Officials at Creech Air Force Base in Nevada knew for two weeks about a virus infecting the drone “cockpits” there. But they kept the information about the infection to themselves — leaving the unit that’s supposed to serve as the Air Force’s cybersecurity specialists in the dark. The network defenders at the 24th Air Force learned of the virus by reading about it in Danger Room.
The virus, which records the keystrokes of remote pilots as their drones fly over places like Afghanistan, is now receiving attention at the highest levels; the four-star general who oversees the Air Force’s networks was briefed on the infection this morning. But for weeks, it stayed (you will pardon the expression) below the radar: a local problem that local network administrators were determined to fix on their own.
“It was not highlighted to us,” says a source involved with Air Force network operations. “When your article came out, it was like, ‘What is this?’”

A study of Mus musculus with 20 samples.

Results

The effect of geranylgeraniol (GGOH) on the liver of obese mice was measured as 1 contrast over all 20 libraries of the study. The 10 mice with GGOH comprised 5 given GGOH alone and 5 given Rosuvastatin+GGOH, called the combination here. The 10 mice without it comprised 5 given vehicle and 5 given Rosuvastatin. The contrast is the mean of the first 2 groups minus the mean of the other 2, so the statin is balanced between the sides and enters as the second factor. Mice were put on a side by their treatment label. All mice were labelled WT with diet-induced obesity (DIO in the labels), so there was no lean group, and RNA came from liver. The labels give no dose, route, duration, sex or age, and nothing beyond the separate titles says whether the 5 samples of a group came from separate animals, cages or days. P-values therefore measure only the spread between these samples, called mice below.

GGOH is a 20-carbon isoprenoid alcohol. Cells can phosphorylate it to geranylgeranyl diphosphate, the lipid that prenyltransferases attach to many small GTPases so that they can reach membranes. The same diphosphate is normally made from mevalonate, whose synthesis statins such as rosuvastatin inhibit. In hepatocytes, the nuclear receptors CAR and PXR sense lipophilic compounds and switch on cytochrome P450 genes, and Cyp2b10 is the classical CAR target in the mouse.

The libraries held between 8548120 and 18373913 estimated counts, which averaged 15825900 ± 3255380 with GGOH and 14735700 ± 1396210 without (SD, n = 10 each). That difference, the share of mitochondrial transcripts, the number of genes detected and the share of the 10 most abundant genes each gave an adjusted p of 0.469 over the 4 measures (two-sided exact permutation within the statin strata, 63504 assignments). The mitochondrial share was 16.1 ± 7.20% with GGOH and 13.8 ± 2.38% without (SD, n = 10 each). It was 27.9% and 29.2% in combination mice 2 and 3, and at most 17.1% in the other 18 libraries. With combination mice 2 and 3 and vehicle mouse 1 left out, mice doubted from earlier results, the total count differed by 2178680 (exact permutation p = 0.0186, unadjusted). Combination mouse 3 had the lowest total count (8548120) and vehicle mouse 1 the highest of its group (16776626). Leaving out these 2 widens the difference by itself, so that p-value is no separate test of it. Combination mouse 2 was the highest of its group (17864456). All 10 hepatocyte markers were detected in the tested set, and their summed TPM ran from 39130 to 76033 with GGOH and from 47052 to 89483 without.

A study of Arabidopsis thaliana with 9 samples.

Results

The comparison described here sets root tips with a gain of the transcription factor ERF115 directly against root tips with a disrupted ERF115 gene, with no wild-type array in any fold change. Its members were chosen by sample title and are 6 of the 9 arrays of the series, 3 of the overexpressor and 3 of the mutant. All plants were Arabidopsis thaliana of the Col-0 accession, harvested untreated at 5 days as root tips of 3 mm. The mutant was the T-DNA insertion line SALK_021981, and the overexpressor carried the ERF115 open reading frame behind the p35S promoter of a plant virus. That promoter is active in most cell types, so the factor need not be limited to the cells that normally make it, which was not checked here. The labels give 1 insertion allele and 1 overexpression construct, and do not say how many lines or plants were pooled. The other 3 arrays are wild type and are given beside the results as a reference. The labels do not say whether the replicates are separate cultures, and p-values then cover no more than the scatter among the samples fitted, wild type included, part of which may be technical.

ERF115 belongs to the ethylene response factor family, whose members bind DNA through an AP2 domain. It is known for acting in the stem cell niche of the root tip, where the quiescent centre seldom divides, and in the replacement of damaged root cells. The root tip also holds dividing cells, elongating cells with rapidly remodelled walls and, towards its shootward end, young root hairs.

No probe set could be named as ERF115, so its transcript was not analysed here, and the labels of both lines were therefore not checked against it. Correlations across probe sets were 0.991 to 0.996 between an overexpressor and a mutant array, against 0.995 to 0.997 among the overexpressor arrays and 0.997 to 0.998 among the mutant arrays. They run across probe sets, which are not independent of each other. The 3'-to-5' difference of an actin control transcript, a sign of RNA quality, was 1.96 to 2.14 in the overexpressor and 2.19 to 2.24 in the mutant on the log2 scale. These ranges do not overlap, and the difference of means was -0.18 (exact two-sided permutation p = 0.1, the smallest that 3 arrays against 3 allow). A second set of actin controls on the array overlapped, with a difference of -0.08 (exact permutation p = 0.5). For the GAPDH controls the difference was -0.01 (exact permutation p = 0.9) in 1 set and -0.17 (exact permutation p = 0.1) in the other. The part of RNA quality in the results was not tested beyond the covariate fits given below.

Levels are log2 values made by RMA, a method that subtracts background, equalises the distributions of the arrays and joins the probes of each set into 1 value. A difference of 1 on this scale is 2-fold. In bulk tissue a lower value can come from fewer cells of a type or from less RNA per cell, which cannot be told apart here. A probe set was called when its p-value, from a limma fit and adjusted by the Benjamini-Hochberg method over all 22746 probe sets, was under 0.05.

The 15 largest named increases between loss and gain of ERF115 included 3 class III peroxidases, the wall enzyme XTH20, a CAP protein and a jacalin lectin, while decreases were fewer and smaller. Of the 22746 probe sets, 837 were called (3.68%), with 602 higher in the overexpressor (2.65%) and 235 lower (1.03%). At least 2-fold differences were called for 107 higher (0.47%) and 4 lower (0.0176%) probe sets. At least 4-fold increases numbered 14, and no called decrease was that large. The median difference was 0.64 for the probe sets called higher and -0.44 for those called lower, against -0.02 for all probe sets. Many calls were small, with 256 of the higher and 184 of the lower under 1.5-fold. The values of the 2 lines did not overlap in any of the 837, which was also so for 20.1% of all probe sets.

The drones are still flying over warzones from Afghanistan to Pakistan to Yemen. There’s no sign, yet, that the virus either damaged any of the systems associated with the remotely piloted aircraft or transmitted sensitive information outside the military chain of command — although three military insiders caution that a full-blown, high-level investigation into the virus is only now getting underway.
Nevertheless, the virus has sparked a bit of a firestorm in military circles. Not only were officials in charge kept out of the loop about an infection in America’s weapon and surveillance system of choice, but the surprise surrounding that infection highlights a flaw in the way the U.S. military secures its information infrastructure: There’s no one in the Defense Department with his hand on the network switch. In fact, there is no one switch to speak of.